The Altiris Manageability Toolkit 6.0 for Intel vPro Technology should significantly reduce IT management costs in large organizations.
Intels vPro technology, enabled by the companys Core 2 Duo processors, allows management software such as Altiris to provide serverlike control over desktop systems. Leveraging vPro, the Altiris Manageability Toolkit 6.0 provides device discovery, hardware and software inventory, OOB (out of band) power management, remote diagnostics and repair, BIOS access, and even network filtering using a virtualized appliance.
During eWEEK Labs tests with the Altiris platform, which has a suggested retail price of $18 per managed node, vPro test systems were much easier to manage than systems we had to physically turn on to gather inventory information or to provide patch management services. The labor savings achieved by avoiding deskside visits should be one of the chief factors for buying vPro-enabled hardware, which comes at a premium.
Intel announced its vPro technology in April 2006 and unveiled the business desktop chip platform in September. The Intel vPro platform comprises the Intel Core 2 Duo architecture with the Q965 chipset, Pro/1000 NICs and Intel software.
Hewlett-Packard is one of the first computer makers to ship a desktop system based on the Intel vPro platform—the HP dc7700—but Dell, Gateway and Lenovo Group have all stated that they will ship systems equipped with vPro.
vPros remote management capabilities come largely through Intels AMT (Active Management Technology). AMT provides a remote communication channel available to authorized IT staff, as well as persistent, nonvolatile memory where third-party application data can be stored.
If all this sounds familiar, it should. Intels WOL (Wake on LAN) technology has been around for years and was part of the forerunner of AMT, IPMI (Intelligent Platform Management Interface). However, AMT packets are a big improvement over the LAN segment broadcast packets—called Magic Packets—employed by WOL. The AMT packets also can be encrypted to provide a greater level of machine security than WOL ever did.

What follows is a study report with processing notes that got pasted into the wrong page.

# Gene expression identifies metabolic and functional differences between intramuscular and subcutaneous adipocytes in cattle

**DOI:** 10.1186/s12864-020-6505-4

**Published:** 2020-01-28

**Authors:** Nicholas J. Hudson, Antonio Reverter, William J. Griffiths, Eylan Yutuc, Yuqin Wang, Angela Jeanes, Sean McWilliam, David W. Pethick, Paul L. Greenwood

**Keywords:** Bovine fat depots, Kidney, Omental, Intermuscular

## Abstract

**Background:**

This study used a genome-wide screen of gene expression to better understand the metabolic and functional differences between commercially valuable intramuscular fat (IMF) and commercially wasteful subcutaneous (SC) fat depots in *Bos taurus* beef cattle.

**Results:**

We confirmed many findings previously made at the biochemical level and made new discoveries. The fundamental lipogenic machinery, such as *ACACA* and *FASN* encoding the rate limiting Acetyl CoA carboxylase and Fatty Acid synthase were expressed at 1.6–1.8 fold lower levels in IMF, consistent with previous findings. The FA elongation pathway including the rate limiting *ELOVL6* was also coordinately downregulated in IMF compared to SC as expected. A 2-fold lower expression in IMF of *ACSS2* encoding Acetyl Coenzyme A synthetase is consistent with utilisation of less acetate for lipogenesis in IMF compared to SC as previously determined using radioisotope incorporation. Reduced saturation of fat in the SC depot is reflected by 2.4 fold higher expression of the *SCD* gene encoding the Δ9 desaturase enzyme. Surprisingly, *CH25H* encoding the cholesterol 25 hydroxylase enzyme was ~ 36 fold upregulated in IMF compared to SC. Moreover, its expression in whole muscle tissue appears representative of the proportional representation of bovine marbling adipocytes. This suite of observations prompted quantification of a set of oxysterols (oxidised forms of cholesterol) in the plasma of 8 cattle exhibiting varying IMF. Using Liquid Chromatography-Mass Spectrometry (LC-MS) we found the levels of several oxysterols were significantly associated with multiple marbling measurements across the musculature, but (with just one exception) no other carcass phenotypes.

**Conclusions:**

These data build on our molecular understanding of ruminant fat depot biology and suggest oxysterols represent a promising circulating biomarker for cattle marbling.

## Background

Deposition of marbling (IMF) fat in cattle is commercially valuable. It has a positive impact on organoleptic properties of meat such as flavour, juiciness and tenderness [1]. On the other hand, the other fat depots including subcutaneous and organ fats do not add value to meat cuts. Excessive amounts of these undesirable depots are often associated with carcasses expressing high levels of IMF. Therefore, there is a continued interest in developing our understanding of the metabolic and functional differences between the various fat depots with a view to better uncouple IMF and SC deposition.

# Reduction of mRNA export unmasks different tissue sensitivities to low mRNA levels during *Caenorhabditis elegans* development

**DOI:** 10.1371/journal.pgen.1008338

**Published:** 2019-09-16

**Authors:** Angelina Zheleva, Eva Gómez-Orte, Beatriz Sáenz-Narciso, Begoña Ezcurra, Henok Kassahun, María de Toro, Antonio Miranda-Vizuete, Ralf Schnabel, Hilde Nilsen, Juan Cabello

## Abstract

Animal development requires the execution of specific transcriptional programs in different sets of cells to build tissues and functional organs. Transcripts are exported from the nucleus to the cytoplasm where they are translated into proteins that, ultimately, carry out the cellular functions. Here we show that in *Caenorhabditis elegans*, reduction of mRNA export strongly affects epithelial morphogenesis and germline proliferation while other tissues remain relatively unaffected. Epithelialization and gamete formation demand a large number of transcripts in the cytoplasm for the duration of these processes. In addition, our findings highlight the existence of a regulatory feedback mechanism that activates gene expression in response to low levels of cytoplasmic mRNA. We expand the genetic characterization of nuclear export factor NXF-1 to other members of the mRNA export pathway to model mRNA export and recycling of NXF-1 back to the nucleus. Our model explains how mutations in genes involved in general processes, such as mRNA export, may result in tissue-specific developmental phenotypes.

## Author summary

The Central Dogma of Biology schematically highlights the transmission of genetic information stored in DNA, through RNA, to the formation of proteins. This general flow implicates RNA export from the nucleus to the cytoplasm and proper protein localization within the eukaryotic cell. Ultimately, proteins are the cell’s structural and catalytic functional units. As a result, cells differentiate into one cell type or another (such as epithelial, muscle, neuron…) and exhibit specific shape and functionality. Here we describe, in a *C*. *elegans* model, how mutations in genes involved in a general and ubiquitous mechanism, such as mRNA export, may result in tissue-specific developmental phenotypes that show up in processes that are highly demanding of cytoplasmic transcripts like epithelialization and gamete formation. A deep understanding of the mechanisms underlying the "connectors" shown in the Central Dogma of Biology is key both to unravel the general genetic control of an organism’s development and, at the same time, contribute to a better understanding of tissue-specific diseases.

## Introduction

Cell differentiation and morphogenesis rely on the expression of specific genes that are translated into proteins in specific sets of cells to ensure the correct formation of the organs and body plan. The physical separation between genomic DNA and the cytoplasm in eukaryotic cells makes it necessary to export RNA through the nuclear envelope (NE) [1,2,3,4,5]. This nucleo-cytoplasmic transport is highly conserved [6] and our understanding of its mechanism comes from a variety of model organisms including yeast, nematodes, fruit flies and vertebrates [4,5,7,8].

During tests, we connected the HP dc7700 to our network, which distributed IP addresses via DHCP (Dynamic Host Configuration Protocol). In Dynamic mode, the Pro/1000 NIC grabbed a single IP address at boot-up time. During the time between power-up and when Microsoft Windows Vista came online, the NIC was available to the network via a handshake packet that we used to communicate with the Altiris Manageability Toolkit 6.0.
We also tested the HP system in Static mode. In our case, two static IP addresses were assigned to the system: one for management functions and one for production-network use.
We saw no performance differences between the two modes, although we expect most organizations to run in Dynamic mode.
We also could send a special packet to a PC that would power up the machine even if it had been turned off. We used this capability along with the Altiris Network Discovery application. On the Altiris console, we set up address ranges to scan for systems. We used the AMT option and ran the discovery process on a daily schedule to ensure that new systems were added as discovered.
We went right for the jugular and ran discovery with our HP dc7700 turned off. The discovery process worked without a problem, and the machine showed up in the console under the AMT device group. Other non-vPro systems were discovered and added to our inventory—but only, of course, if they were powered on.
Hardware and software inventory management is coming into greater importance as IT departments consider migrating to Vista. Even though these deployments are likely several years out, IT managers must make decisions now based on the inventory of deployed PCs.
One of the advantages of using Altiris with a vPro system is that the hardware and even some software inventory data can be collected even if a PC user has damaged or removed the Altiris agent. Because Intel AMT can provide software inventory information, we were able to get fairly complete data from systems that were in a powered-off state.
Even more important than preparing for operating system migration reports, remote inventory can assist help desk staff by ensuring that end-user systems have the hardware and software required for proper operation.
To be clear, while all these operations are termed OOB management functions by Altiris and Intel, the network connection and network card in the target system must be working properly for all this magic to work.
Technical Director Cameron Sturdevant can be reached at firstname.lastname@example.org.